Mental health at Christmas

One-third of people with mental health issues say they feel unable to cope with the Christmas period according to Charity Mind.

Our mental wellbeing can take a hit over the festive period for a number of reasons and feelings of loneliness can intensify, alongside the financial pressure many people feel in the pursuit of that ‘perfect’ Christmas.

Around 41% of people surveyed in 2015 said they got into debt with the increased strain and stress that comes with financial worries, whilst overeating and drinking can exacerbate mental health issues. The pressure to be social for some can also be exhausting for many with the departure from comfortable daily routines causing anxiousness.

And perhaps surprisingly, the holidays appear to have more of an adverse effect on the younger generations that older ones according to recent research by Mind once again, suggesting that one in 10 millennials feel lonely over Christmas, compared to one in 20 within older generations.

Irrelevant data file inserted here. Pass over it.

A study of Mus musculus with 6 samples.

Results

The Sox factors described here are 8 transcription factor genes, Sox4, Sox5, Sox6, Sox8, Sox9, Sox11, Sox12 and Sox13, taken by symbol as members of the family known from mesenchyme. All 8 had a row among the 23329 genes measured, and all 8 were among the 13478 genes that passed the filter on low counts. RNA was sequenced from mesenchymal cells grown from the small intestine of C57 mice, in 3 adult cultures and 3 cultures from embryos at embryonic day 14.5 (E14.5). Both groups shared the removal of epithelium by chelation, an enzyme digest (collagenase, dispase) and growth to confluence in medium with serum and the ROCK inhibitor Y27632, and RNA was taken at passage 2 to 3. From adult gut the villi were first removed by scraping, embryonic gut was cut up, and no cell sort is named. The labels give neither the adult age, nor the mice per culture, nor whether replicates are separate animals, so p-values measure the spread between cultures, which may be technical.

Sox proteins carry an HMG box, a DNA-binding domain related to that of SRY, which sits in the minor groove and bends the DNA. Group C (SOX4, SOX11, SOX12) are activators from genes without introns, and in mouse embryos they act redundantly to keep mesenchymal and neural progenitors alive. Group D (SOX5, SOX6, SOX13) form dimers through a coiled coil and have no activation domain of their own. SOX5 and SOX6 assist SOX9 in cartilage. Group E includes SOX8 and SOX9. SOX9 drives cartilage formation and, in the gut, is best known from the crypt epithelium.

But one of the leading issues for those struggling with mental health at Christmas is that pressure to be happy – to always be ‘on’. And it’s worth noting that for those struggling to manage their mental health at Christmas, it’s not that they will not join in the merriment, it’s that they cannot, and indeed their inability to do so can worsen their feelings of isolation.

Family & mental health at Christmas

So how can you help a friend or family member struggling with their mental health at Christmas?

One thing to note is that telling them to pull themselves together or simply cheer up will not help, neither will implying that their low mood may be damaging the festivities of others around them as they are already blaming themselves, according to Sarah Murphy of Rethink Mental Health.

“It’s possible they are already blaming themselves, and further criticism is likely to make them feel even worse.”

Read more: How to deal with the stress at Christmas

“But something as simple as asking them how they are doing and letting them know you are there for them. Also, letting them know that help is out there can make a big difference, however alone they might feel. Listen without judgement. Let them describe what they are going through.”

Christmas doesn’t just affect those who have more serious depression either. Individuals prone to bouts of anxiety or panic attacks are just as likely to feel overwhelmed by the pressures of Christmas, the crowds and the noise.

So it’s important to just keep an eye out for the signs that a family member or friend may be struggling. Escort them somewhere quieter to restore a sense of calm and avoid confrontations and arguments to reduce any tension.